Freebruary takes a “stone soup” approach to trial

Giveways and shared exposure aim to make driving awareness and trial more efficient for over 100 local brands.

While it doesn’t roll off the tongue like “Sober October,” Freebruary is trying to create a similar movement to get people talking about local brands.

The Freebruary website brings together over 100 local CPG brands, as well as restaurants, personal care brands, small retailers, services and even local franchisees of QSR chains like Mr. Sub. It aims to increase engagement and trial through a range of giveaways, including BOGO offers, in-person giveaways, service calls and restaurant specials.

Freebruary was started by Andrew Kinnear, president and CEO of Yellofruit, a plant-based challenger brand in the frozen dessert aisle.

A lot of initiatives have been launched in recent months to support small business struggling with lockdown measures during the pandemic, but with events and in-store sampling largely off the table, the initiative is zeroing in on replacing the awareness and trial those brands are missing, specifically among those that cannot afford to replace it with big buys in other platforms.

“We thought, ‘there must be other brands that would love to get their products into people’s hands as well?’” he says.

Kinnear tells strategy he sold the venture like a “stone soup” of marketing, referring to the old European fable where villagers boil a stone, and encourage people from neighbouring towns to pitch in with their own ingredients, ultimately creating something out of nothing. So, when a brand does make a sale to its customer base, communicates with its email list or does an interview in the media, it also promotes Freebruary to them, hopefully earning exposure for everyone else in the pot.

While the incentives are an important aspect of bringing it consumers, sharing the exposure between brands is what gives it momentum – and its not just through the brands’ email list. When users who log in to digital flyer app – and Freebruary partner – Reebee to check the flyers for the weekend, they will also see a banner. When they click through, they’ll be exposed to brands and businesses, which is very simple to execute for partners like Reebee.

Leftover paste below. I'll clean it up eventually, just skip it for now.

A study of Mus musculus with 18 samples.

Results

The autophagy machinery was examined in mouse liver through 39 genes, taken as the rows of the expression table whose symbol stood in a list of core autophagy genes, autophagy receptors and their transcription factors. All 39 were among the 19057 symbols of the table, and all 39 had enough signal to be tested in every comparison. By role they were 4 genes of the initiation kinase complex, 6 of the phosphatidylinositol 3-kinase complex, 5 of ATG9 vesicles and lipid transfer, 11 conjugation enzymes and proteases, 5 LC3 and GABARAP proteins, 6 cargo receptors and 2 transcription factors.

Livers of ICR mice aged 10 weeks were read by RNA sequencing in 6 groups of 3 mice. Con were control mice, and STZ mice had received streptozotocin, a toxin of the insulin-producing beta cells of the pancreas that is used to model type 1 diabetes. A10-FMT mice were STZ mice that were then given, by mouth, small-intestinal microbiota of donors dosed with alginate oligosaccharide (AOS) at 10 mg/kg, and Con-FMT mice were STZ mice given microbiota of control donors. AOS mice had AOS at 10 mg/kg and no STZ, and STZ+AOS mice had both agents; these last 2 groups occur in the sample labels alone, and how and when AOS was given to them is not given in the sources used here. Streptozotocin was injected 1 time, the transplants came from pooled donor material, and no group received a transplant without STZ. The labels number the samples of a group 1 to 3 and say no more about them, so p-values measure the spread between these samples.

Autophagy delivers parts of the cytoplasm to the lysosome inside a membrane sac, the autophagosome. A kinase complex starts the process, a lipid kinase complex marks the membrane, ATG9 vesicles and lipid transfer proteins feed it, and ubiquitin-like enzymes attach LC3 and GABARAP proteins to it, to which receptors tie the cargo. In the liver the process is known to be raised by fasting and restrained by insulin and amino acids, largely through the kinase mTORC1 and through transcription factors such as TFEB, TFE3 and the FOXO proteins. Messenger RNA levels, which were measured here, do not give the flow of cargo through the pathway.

“Yellofruit has an offer, just like everyone else, but it’s us sharing our audience with the other brands and businesses and them doing the same that seems to be creating the magic,” Kinnear says, adding that is one way more established businesses could take part. “Big Canadian brands should get in on it to deliver value to value seekers. That additional audience helps all the small brands.”

Caddle and Sampler have similar programs planned, he adds, and have combined audiences well into six digits across their flyer, couponing and sampling apps. The audience for Freebruary is Canadians looking to support local and small businesses, but more specifically, those whose are more driven by value and the novelty of trying new products.

“The ‘couponer’ types got on board pretty hard last week and really started engaging on Instagram in anticipation for launch, so we may see a split between those in it for the BOGO and those in it to keep their small town businesses alive,” Kinnear says.

He says partners like manufacturing association Ontario Made got on board early to share with their members. Following that, the Retail Council of Canada, the Canadian Federation of Independent Business (CFIB), Canadian Health Food Association and Distribution Canada also declared their support. 

To further incentive interest from the brands themselves, the CFIB will be giving away a 3-month membership, Sampler will be giving away credit to run a sampling program on its platform and Caddle will give away survey design, fielding and insights reporting.

Kinnear says the program has legs to make it an annual affair, but for now he is going about growing the email list, with the plan to re-engage the brands and supporters to make it bigger and better next year, should it take off. On the consumer side, he admits he did not know what to expect, but that the early signs of 2,000 email subscribers, is promising given it only launched on Feb. 1.